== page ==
From: Die Morina van Uijtregt
Kosovo Leaders Committed to Work on Missing Persons Issue

Kosovo marked the National Day of the Missing Persons on Tuesday, as the country still does not have any information about more than 1600 victims of the war in 1998-1999.

The institutional leaders pledged to do their best on solving the issue, while the newly elected government said it was its priority on the dialogue process with Serbia.

“The [National] Day of the Missing reminds us that the lack of accountability for the fate and whereabouts of the 1632 missing persons, as well as the lack of justice for thousands of war victims, continue to aggravate the lives of families who even 22 years after the war live in pain and awaiting anxiety,” Prime Minister Albin Kurti said.

The Speaker of the Assembly of Kosovo, Glauk Konjufca said that Serbia is responsible for the genocide, suffering, and crimes it committed against the Albanian population in Kosovo.

“…Therefore it is an obligation of every official to do their best for justice to happen and be put in its place as there can be no peace without justice in Kosovo,” Konjufca said.

Kurti, Konjufca, and the President of Kosovo, Vjosa Osmani paid homage to the Memorial to the Missing in Pristina.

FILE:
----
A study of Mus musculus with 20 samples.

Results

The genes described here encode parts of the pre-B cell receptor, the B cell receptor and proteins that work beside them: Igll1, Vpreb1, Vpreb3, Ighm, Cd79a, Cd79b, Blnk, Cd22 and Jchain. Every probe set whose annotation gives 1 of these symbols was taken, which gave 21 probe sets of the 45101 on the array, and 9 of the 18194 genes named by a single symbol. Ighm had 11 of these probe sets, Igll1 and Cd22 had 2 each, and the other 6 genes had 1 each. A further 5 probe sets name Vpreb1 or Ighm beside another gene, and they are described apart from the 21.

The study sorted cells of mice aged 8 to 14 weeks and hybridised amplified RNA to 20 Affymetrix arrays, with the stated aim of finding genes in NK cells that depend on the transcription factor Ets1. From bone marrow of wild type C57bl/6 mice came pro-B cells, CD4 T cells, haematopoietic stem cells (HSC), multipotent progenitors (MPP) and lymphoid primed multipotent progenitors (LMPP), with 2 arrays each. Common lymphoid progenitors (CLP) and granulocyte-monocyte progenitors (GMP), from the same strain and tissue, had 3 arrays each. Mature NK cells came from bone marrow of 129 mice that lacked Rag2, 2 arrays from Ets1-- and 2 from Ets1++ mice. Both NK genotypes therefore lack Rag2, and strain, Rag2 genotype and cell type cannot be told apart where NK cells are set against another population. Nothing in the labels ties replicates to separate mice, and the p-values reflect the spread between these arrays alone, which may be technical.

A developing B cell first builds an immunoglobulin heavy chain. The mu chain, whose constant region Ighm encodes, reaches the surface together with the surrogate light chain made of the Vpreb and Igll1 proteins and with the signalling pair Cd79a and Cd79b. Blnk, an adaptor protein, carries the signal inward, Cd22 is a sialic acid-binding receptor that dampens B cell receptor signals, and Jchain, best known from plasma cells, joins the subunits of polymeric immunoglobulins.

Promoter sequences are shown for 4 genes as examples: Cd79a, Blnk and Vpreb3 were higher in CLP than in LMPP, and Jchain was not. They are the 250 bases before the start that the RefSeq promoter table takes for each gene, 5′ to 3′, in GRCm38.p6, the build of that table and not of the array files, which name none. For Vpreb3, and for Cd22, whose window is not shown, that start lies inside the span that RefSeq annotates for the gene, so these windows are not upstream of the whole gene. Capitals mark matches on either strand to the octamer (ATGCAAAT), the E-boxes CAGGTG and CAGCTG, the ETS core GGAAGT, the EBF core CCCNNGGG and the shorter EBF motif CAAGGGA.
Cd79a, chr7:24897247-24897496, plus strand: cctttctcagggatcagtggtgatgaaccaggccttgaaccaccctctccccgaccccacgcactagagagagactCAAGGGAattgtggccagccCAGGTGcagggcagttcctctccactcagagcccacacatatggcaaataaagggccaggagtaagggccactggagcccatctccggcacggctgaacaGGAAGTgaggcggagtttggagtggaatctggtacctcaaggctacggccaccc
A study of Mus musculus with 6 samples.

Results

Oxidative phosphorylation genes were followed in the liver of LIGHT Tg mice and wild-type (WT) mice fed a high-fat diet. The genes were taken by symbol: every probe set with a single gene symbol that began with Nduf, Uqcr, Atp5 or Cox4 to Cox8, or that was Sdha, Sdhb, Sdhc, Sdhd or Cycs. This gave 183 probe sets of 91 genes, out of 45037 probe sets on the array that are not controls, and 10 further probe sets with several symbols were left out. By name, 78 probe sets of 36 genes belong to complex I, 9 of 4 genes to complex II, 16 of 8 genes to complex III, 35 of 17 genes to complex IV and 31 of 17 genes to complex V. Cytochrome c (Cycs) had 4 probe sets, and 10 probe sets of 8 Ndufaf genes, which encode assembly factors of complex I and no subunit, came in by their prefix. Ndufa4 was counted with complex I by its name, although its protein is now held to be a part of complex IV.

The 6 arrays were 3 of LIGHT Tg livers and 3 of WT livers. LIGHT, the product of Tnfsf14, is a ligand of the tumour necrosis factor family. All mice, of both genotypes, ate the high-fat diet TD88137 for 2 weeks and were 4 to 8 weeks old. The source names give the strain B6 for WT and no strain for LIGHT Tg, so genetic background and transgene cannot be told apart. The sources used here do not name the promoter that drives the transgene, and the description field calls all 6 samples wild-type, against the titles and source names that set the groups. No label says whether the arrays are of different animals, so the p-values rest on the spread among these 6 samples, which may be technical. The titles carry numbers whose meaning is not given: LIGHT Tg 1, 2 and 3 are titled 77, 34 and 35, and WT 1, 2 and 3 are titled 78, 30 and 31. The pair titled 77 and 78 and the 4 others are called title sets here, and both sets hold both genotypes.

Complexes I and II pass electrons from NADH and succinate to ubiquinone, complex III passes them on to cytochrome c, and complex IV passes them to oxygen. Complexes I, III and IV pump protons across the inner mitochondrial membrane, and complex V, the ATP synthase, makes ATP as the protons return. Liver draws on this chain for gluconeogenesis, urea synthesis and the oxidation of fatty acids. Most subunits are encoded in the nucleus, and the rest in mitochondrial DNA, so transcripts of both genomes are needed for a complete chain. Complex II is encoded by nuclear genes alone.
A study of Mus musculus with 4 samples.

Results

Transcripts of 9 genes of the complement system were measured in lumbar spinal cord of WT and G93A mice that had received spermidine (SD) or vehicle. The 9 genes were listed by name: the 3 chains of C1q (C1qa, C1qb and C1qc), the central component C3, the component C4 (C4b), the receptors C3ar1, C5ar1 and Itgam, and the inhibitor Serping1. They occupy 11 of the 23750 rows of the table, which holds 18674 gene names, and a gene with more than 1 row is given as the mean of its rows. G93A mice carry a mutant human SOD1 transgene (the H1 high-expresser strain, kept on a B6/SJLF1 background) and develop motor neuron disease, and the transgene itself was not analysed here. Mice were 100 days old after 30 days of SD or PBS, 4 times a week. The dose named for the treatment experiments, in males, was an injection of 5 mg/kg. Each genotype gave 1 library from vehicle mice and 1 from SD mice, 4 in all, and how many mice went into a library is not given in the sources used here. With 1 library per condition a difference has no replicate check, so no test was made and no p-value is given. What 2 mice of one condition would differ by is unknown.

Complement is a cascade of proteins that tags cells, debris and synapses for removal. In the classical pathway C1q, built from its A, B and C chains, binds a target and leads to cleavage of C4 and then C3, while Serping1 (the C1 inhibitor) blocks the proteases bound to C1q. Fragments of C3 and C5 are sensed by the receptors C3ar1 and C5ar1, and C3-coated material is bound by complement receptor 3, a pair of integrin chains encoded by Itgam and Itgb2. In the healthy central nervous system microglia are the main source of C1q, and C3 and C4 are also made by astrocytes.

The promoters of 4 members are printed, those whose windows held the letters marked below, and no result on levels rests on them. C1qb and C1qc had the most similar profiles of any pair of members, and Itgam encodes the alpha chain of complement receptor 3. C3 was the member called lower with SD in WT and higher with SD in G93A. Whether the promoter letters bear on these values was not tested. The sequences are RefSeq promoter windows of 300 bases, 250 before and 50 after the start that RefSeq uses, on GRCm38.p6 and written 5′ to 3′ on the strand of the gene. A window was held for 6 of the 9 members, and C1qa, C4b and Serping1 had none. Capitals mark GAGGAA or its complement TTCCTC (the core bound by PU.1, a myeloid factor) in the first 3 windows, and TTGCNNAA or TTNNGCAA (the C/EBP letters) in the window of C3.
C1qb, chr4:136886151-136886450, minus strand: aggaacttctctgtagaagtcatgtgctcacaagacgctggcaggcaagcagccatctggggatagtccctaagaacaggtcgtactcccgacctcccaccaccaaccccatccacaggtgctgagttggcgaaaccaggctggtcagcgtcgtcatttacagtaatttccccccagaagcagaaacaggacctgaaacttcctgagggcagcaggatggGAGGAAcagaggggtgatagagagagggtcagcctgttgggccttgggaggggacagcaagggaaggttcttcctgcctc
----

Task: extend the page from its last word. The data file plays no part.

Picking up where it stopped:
“Today and always we must understand that the fate of Kosovo is linked to the shedding light to the fate of the missing, that justice for them is a precondition for peace, and that Serbia’s responsibility for the macabre crimes that constitute genocide must occur for our region to move forward,” Osmani wrote in a Facebook post.

State institutional leaders also commemorated 376 victims of Meje’s massacre, executed by Serbian forces. 36 of the victims were minors, younger than 18.

“Mortal remains of many victims were found in Serbia where the Serbian regime transported them as part of the plan to hide the crimes. 13 of them are still among missing, victims of the Serbian genocide in Kosovo,” Osmani said.